1 Probably an undertaker.

which was not successful on the stage. The story of fair Rosamond would seem well adapted for


(until thawed by wine); and the satire of Pope, that he could bear no rival near the throne,' seems to have been just and well-founded. His quarrels with Pope and Steele throw some disagreeable shades among the lights and beauties of the picture; but enough will still remain to establish Addison's title to the character of a good man and a sincere Christian. The uniform tendency of all his writings is his best and highest eulogium. No man can dissemble upon paper through years of literary exertion, or on topics calculated to disclose the bias of his tastes and feelings, and the qualities of his heart and temper. The display of these by Addison is so fascinating and unaffected, that the impression made by his writings, as has been finely remarked, is 'like being recalled to a sense of something like that original purity from which man has been long estranged.'

Holland House.

A 'Life of Addison,' in two volumes, by Lucy Aiken, published in 1843, contains several letters supplied by a descendant of Tickell. This work is written in a strain of unvaried eulogium, and is frequently unjust to Steele, Pope, and the other contemporaries of Addison. The most interesting of the letters were written by Addison during his early travels; and though brief, and often incorrect, contain touches of his inimitable pen. He thus records his impressions of France: Truly, by what I have yet seen, they are the happiest nation in the world. "Tis not in the power of want or slavery to make 'em miserable. There is nothing to be met with in the country but mirth and poverty. Every one sings, laughs, and starves. Their conversation is generally agreeable; for if they have any wit or sense, they are sure to show it. They never mend upon a second meeting, but use all the freedom and familiarity at first sight that a long intimacy or abundance of wine can scarce draw from an Englishman. Their women are perfect mistresses in this art of showing themselves to the best advantage. They are always gay and sprightly, and set off the worst faces in Europe with the best airs. Every one knows how to give herself as charming a look and posture as Sir Godfrey Kneller could draw her in.'

After some further experience, he recurs to the same subject: I have already seen, as I informed you in my last, all the king's palaces, and have now seen a great part of the country; I never thought there had been in the world such an excessive magnificence or poverty as I have met with in both together. One can scarce conceive the pomp that appears in everything about the king; but at the same time it makes half his subjects go bare-foot. The people are, however, the happiest in the world, and enjoy from the benefit of their climate and natural constitution such a perpetual mirth and easiness of temper, as even liberty and plenty cannot bestow on those of other nations. Devotion and loyalty are everywhere at their greatest height, but learning seems to run very low, especially in the younger people; for all the rising geniuses have turned their ambition another way, and endeavoured to make their fortunes in the army. The belles lettres in particular seem to be but short-lived in France.'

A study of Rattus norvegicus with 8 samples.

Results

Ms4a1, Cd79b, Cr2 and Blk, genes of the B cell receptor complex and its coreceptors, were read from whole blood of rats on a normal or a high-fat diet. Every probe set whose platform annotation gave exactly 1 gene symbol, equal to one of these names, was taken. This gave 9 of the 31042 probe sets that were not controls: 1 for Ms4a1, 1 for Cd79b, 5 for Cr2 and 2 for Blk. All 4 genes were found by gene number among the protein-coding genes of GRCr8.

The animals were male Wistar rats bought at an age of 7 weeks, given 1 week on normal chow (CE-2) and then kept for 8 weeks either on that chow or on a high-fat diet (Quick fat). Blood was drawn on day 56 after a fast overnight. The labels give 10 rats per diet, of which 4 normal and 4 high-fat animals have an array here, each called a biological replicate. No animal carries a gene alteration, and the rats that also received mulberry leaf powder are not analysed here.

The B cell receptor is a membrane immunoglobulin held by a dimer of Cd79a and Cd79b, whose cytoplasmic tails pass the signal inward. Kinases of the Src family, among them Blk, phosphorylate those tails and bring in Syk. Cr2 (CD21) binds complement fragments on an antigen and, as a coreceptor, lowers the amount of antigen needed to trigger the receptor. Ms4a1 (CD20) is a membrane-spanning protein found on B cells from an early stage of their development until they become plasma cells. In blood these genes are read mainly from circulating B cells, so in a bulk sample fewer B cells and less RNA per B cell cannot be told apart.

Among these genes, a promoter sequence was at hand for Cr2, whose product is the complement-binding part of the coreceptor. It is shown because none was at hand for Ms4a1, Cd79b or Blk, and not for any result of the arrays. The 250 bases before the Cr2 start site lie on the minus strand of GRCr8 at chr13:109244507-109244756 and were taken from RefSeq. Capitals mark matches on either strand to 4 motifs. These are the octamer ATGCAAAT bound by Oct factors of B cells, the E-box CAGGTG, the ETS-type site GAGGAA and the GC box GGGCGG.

In acknowledging a present of a snuff-box, we see traces of the easy wit and playfulness of the Spectator:- About three days ago, Mr Bocher put a very pretty snuff-box in my hand. I was not a little pleased to hear that it belonged to myself, and was much more so when I found it was a present from a gentleman that I have so great an honour for. You do not probably foresee that it would draw on you the trouble of a letter, but you must blame yourself for it. For my part, I can no more accept of a snuff-box without returning my acknowledgments, than I can take snuff without sneezing after it. I This last, I must own to you, is so great an absurdity, that I should be ashamed to confess it, were not I in hopes of correcting it very speedily. I am observed to have my box oftener in my hand than those that have bin used to one these twenty years, for I can't forbear taking it out of my pocket whenever I think of Mr Dashwood. You know Mr Bays recommends snuff as a great provocative to wit, but you may produce this letter as a standing evidence against him. I have, since the beginning of it, taken above a dozen pinches, and still find myself much more inclined to sneeze than to jest. From whence I conclude, that wit and tobacco are not inseparable; or to make a pun of it, tho' a man may be master of a snuff-box,


"Non cuicunque datum est habere Nasam."

I should be afraid of being thought a pedant for my quotation, did not I know that the gentleman I am writing to always carrys a Horace in his pocket.'

The same taste which led Addison, as we have seen, to censure as fulsome the wild and gorgeous genius of Spenser, made him look with indifference, if not aversion, on the splendid scenery of the Alps: I am just arrived at Geneva,' he says, 'by a very troublesome journey over the Alps, where I have been for some days together shivering among the eternal snows. My head is still giddy with mountains and precipices, and you can't imagine how much I am pleased with the sight of a plain, that is as agreeable to me at present as a shore was about a year ago, after our tempest at Genoa.'

The matured powers of Addison show little of this tame prosaic feeling. The higher of his essays, and his criticism on the Paradise Lost, betray no insensibility to the nobler beauties of creation, or the sublime effusions of genius. His conceptions were enlarged, and his mind expanded, by that literary study and reflection from which his political ambition never divorced him even in the busiest and most engrossing period of his life.